The recent increase in electricity tariffs in Nigeria has sparked opposition from the Nigeria Labour Congress (NLC) and various civil society organizations (CSOs). Critics argue that the explanations provided by government officials for the hike lack merit, emphasizing that even in developed nations, citizens benefit from subsidies on essential utilities such as fuel and electricity,Daily Trust reports.

The Nigerian Electricity Regulatory Commission (NERC) recently announced a tariff hike from N68 per kilowatt-hour (kWh) to N225 per kWh. This decision, according to the commission, resulted from consultations with the 11 electricity distribution companies (Discos) and the federal government’s inability to cover the projected N2.9 trillion electricity subsidy shortfall by the end of 2024, thus failing to achieve cost-reflective tariffs.

Under the new tariff structure, consumers served by Band A feeders, experiencing an average of 20 hours of power supply daily, face monthly bills of around N135,000. NERC’s Vice Chairman, Musiliu Oseni, clarified that the tariff increase primarily affects 15% of the 12 million electricity consumers, with Band A customers facing adjustments to ensure better service delivery.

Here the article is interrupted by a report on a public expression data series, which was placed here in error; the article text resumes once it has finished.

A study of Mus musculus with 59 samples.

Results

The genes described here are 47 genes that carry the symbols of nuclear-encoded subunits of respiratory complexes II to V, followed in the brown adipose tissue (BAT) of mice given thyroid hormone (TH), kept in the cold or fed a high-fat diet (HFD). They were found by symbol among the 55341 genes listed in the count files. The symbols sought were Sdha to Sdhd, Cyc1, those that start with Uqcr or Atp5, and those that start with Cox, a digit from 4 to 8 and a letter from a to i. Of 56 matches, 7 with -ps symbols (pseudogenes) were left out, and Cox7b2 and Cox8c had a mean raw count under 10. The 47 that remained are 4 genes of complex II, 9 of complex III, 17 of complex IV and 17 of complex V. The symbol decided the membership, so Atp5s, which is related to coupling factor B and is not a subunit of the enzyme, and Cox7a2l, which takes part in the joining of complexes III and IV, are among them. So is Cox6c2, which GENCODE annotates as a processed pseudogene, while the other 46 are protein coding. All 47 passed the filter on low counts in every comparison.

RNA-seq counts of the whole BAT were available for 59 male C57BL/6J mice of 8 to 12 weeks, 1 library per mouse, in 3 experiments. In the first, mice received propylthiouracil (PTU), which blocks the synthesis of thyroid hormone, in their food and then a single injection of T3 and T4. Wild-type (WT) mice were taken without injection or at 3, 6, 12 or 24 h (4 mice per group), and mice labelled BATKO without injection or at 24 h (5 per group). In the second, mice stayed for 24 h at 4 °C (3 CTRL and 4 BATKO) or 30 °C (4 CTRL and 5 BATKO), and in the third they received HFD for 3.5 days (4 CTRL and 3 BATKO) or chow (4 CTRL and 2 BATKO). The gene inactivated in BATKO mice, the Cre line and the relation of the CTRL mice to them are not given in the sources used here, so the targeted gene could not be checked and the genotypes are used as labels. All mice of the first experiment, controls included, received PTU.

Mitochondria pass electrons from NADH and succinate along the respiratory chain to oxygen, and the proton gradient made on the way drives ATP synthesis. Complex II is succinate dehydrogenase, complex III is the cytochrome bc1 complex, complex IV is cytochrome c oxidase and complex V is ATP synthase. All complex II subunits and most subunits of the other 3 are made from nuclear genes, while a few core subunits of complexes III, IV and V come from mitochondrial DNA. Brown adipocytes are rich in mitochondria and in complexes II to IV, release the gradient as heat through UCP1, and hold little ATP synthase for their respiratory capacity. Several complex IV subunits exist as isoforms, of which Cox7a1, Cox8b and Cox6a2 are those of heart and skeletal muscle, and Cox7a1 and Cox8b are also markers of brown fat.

NERC’s Commissioner for Planning Research and Strategy, Yusuf Ali, attributes the tariff review to factors like gas price impacts and currency unification, with the January subsidy alone amounting to N240 billion, posing a significant strain on Nigeria’s budget.

The NLC criticized the tariff hike as insensitive and detrimental to already struggling Nigerians, particularly in the wake of fuel subsidy removal. Similarly, CSOs like the Resource Centre for Human Rights and Civic Education (CHRICED) and ActionAid Nigeria condemned the move, alleging government neglect of citizen welfare and advocating for alternative solutions to address energy sector challenges.

Former NERC Chairman Sam Amadi warned that the tariff increase could exacerbate power theft and corruption, stressing the need for measures to support both utility companies and consumers amidst economic challenges.